Media Heats Up with Coverage of Extreme Weather
By Alex Kasdin
CBS News and the Associated Press reported on the mass power outages that occurred across the mid-Atlantic region because of the severe thunderstorm event, known as a “derecho,” that occurred on June 29. The lack of power, and consequently the lack of air conditioning, has added to the public health risks from the late June and early July heat wave.
According to the Washington Post, the morning commute in and around Washington, D.C. was not as treacherous as feared since many traffic lights were without power. Many federal and state employees were told they could work from home on Monday to help alleviate the traffic. Workers from power companies descended upon the mid-Atlantic, some from hundreds of miles away, to help restore power supplies.
Even with power, the extreme heat can be difficult to deal with, and it can have major economic consequences. The New York Times chronicled the story of Hill City, a small agricultural town in Kansas, which was one of the warmest places in the U.S. during the last week of June. The mercury crept up to 115°F in Hill City during a long stretch of triple digit heat, causing air conditioners to fail and cows to desperately search for shade. The crucial growing season has been too dry and hot to sustain the crops.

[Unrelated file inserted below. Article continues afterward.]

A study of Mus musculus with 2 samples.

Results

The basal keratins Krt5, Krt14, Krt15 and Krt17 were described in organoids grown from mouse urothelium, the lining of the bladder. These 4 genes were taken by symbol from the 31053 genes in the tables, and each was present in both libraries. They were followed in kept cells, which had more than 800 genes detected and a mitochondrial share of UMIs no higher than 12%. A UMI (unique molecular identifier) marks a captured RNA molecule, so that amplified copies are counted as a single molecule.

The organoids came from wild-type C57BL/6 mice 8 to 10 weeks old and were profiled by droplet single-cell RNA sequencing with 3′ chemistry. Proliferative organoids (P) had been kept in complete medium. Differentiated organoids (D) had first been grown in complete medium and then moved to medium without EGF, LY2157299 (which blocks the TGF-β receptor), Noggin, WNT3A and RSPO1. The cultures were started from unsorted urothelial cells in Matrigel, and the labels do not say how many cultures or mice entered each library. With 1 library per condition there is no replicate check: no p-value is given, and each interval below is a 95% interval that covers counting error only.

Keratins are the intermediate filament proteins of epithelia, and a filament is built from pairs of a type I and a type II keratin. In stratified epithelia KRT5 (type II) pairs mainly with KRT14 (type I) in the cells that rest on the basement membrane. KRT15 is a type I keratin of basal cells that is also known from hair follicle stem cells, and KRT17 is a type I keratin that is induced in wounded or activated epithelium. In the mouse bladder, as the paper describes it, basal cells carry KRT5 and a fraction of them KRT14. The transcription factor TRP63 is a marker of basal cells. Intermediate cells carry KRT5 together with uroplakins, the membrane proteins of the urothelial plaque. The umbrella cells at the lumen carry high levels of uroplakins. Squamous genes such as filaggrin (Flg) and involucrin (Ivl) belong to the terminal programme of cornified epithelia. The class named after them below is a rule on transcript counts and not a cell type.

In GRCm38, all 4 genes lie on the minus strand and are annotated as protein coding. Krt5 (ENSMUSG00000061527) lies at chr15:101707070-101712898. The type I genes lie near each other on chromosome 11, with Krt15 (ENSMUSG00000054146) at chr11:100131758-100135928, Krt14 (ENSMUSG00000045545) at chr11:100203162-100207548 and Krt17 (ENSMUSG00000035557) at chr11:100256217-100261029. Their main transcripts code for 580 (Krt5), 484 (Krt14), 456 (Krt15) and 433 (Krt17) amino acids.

Christopher C. Burt, a blogger for Weather Underground, detailed the heat records set across the U.S. during the present heat wave in a blog post. Among the highlights, Burt discussed the 108°F record set in St. Louis on June 28. He noted that record heat in the Midwest, Mid-Atlantic, and Southeast usually occurs in July and August, not in June. Only 5 percent of the scorching records for the Midwest have been set in months other than July and August. Burt warned that the heat wave is far from over and that “summer has just begun.”